Par Lance is where I come to talk with my friends, mainly to discuss books. 

Par can mean at face value,and Lance is just me.


From the Oxford English Dictionary:

Parlance /'pa:l(Ə)ns/

noun [mass noun] a particular way of speaking or using words, especially a way common to those with a particular job or interest: dated terms that were once in common parlance | medical parlance.

origin late 16th cent. (denoting speech or debate): from Old French, from parler 'speak', from Latin parabola 'comparison' (in late Latin 'speech').

Currently reading

Secrets of Mental Math: The Mathemagician's Guide to Lightning Calculation and Amazing Math Tricks
Arthur Benjamin
Stephens' C# Programming with Visual Studio 2010 24-Hour Trainer
Rod Stephens
The Stonor Eagles
The Cucumber Man - David Nobbs An easy and entertaining read

Poor Henry Pratt! Having failed in his career as a journalist, he finds himself jobless in Thurmarsh, South Yorkshire, in the late fifties. This book tracks his life through the next four decades, through three marriages, numerous children, interesting incidents with relatives and friends, a career with the Cucumber Marketing Board in Leeds, a skirmish with politics and an unlikely international mission to promote, you've guessed it, English cucumbers. Most of his life, Henry has found himself in situation thinking one thing, saying another and wishing, almost immediately, that he'd said another. That approach causes enormous problems for him and the reader cannot imagine how Henry can ever enjoy success at anything. However, having seen the passing of all of his relatives in the next generation up, Henry finally finds something that he's good at.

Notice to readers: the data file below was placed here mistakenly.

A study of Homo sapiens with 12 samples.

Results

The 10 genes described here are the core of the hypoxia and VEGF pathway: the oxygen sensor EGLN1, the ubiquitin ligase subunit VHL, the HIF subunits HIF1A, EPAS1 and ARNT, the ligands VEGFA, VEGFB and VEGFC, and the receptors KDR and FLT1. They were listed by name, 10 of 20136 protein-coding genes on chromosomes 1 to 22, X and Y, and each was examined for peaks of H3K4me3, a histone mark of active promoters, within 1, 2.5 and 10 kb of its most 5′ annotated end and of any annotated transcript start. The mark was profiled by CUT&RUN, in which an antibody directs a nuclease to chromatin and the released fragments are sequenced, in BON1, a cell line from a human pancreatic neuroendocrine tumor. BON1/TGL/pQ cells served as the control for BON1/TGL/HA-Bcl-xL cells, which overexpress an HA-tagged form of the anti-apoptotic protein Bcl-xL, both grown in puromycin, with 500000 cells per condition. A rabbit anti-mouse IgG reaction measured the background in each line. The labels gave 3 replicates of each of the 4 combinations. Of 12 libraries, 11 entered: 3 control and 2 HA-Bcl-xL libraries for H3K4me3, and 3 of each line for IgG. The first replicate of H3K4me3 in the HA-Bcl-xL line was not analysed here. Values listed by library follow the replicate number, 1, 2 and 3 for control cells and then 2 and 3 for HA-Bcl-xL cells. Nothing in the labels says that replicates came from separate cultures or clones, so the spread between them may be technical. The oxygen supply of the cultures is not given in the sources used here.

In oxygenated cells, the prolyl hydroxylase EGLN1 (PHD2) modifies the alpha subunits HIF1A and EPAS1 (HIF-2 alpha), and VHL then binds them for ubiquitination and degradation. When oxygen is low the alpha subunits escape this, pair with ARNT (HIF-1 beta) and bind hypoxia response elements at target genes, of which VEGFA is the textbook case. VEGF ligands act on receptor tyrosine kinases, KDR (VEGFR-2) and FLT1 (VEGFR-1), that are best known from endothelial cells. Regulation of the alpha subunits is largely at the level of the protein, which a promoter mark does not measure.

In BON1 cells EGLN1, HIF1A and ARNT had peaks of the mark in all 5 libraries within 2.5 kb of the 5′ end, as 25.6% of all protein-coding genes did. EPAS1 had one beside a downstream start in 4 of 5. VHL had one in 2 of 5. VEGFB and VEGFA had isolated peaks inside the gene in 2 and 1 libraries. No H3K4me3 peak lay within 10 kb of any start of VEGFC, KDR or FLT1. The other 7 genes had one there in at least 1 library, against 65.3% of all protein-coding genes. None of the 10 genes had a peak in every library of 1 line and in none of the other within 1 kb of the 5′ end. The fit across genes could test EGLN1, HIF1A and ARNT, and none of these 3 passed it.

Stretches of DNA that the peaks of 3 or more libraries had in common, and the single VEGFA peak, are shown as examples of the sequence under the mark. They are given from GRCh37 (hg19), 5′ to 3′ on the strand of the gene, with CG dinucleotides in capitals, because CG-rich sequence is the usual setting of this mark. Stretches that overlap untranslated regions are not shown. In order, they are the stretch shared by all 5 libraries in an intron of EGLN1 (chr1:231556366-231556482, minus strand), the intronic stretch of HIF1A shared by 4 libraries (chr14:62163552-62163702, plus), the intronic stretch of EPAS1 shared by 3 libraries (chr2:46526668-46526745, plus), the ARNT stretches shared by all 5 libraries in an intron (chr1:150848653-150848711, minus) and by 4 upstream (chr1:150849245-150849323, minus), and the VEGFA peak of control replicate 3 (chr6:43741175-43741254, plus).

I would hardly describe the book as hilarious, as does the cover blurb, but it is certainly very entertaining and continuously amusing. There are patches of personal tragedy that probably seem familiar to most readers.

This is the third in the Pratt series and I would recommend reading the series in order. First, Second from Last in the Sack Race then Pratt of the Argus, and then read this one. Easy to read, humorous nostalgia.